OMAHA — President Biden on Monday asked Congress to intervene and block a railroad strike before next month’s deadline in the stalled contract talks, following pressure by business groups on the stalled negotiations.
“Let me be clear: a rail shutdown would devastate our economy,” Biden said in a statement. “Without freight rail, many US industries would shut down.”
Congress has the power to impose contract terms on the workers, but it’s not clear what lawmakers might include if they do. They could also force the negotiations to continue into the new year.
Both the unions and railroads have been lobbying Congress while contract talks continue. Four rail unions that represent more than half of the 115,000 workers in the industry have rejected the deals that Biden helped broker before the original strike deadline in September and are back at the table trying to work out new agreements. Eight other unions have approved their five-year deals with the railroads and are in the process of getting back pay for their workers for the 24 percent raises that are retroactive to 2020.
Biden said that as a “a proud pro-labor president” he was reluctant to override the views of people who voted against the agreement. “But in this case — where the economic impact of a shutdown would hurt millions of other working people and families — I believe Congress must use its powers to adopt this deal."
Biden's remarks came after a coalition of more than 400 business groups sent a letter to congressional leaders Monday urging them to step into the stalled talks because of fears about the devastating potential impact of a strike that could force many businesses to shut down if they can’t get the rail deliveries they need. Commuter railroads and Amtrak would also be affected in a strike because many of them use tracks owned by the freight railroads.
The business groups led by the US Chamber of Commerce, National Association of Manufacturers and National Retail Federation said even a short-term strike would have a tremendous impact and the economic pain would start to be felt even before the Dec. 9 strike deadline. They said the railroads would stop hauling hazardous chemicals, fertilizers and perishable goods up to a week beforehand to keep those products from being stranded somewhere along the tracks.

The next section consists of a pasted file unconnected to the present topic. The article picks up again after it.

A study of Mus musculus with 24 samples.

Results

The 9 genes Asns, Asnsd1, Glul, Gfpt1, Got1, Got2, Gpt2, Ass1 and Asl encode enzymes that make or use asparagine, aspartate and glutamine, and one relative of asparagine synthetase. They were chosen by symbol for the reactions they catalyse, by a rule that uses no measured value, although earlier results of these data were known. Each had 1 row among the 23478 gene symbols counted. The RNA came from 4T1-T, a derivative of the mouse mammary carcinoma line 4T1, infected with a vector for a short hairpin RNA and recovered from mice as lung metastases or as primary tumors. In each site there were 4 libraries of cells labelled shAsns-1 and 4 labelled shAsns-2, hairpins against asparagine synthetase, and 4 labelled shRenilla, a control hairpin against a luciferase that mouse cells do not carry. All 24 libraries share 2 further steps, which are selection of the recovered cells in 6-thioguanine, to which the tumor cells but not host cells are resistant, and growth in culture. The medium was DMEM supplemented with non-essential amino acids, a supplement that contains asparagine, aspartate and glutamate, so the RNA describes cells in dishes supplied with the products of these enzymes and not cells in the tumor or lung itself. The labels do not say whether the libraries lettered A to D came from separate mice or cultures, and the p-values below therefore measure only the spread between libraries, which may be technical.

“A potential rail strike only adds to the headwinds facing the U.S. economy,” the businesses wrote. “A rail stoppage would immediately lead to supply shortages and higher prices. The cessation of Amtrak and commuter rail services would disrupt up to 7 million travelers a day. Many businesses would see their sales disrupted right in the middle of the critical holiday shopping season.”
A similar group of businesses sent another letter to Biden last month urging him to play a more active role in resolving the contract dispute.
On Monday, the Association of American Railroads trade group praised Biden’s action.
“No one benefits from a rail work stoppage — not our customers, not rail employees and not the American economy,” said AAR President and CEO Ian Jefferies. “Now is the appropriate time for Congress to pass legislation to implement the agreements already ratified by eight of the twelve unions."
Congressional leaders and the White House have said they are monitoring the contract talks closely but haven’t indicated when they might act or what they will do. House Majority Leader Steny Hoyer, Democrat of Maryland, said leaders are aware of the situation with the rail negotiations and will monitor the talks in the coming days.
Representative Brian Fitzpatrick, Republican of Pennsylvania, said on “Fox News Sunday” that congressional intervention is a last resort but that lawmakers will have to be ready to act.
“Congress will not let this strike happen. That’s for sure,” said Fitzpatrick, who helps lead a bipartisan group of 58 lawmakers. “It would be devastating to our economy. So, we’ll get to a resolution one way or another.”
“It certainly could end up in Congress’ lap, which is why we are headed to D.C. this week to meet with lawmakers on the Hill from both parties,” said Clark Ballew, a spokesman for the Brotherhood of Maintenance of Way Employes Division, which represents track maintenance workers. “We have instructed our members to contact their federal lawmakers in the House and Senate for several weeks now.”
The unions have asked the railroads to consider adding paid sick time to what they already offered to address some of workers’ quality of life concerns. But so far, the railroads, which include Union Pacific, BNSF, Norfolk Southern, CSX, and Kansas City Southern, have refused to consider that.
The railroads want any deal to closely follow the recommendations a special board of arbitrators that Biden appointed made this summer that called for the 24 percent raises and $5,000 in bonuses but didn’t resolve workers’ concerns about demanding schedules that make it hard to take a day off and other working conditions.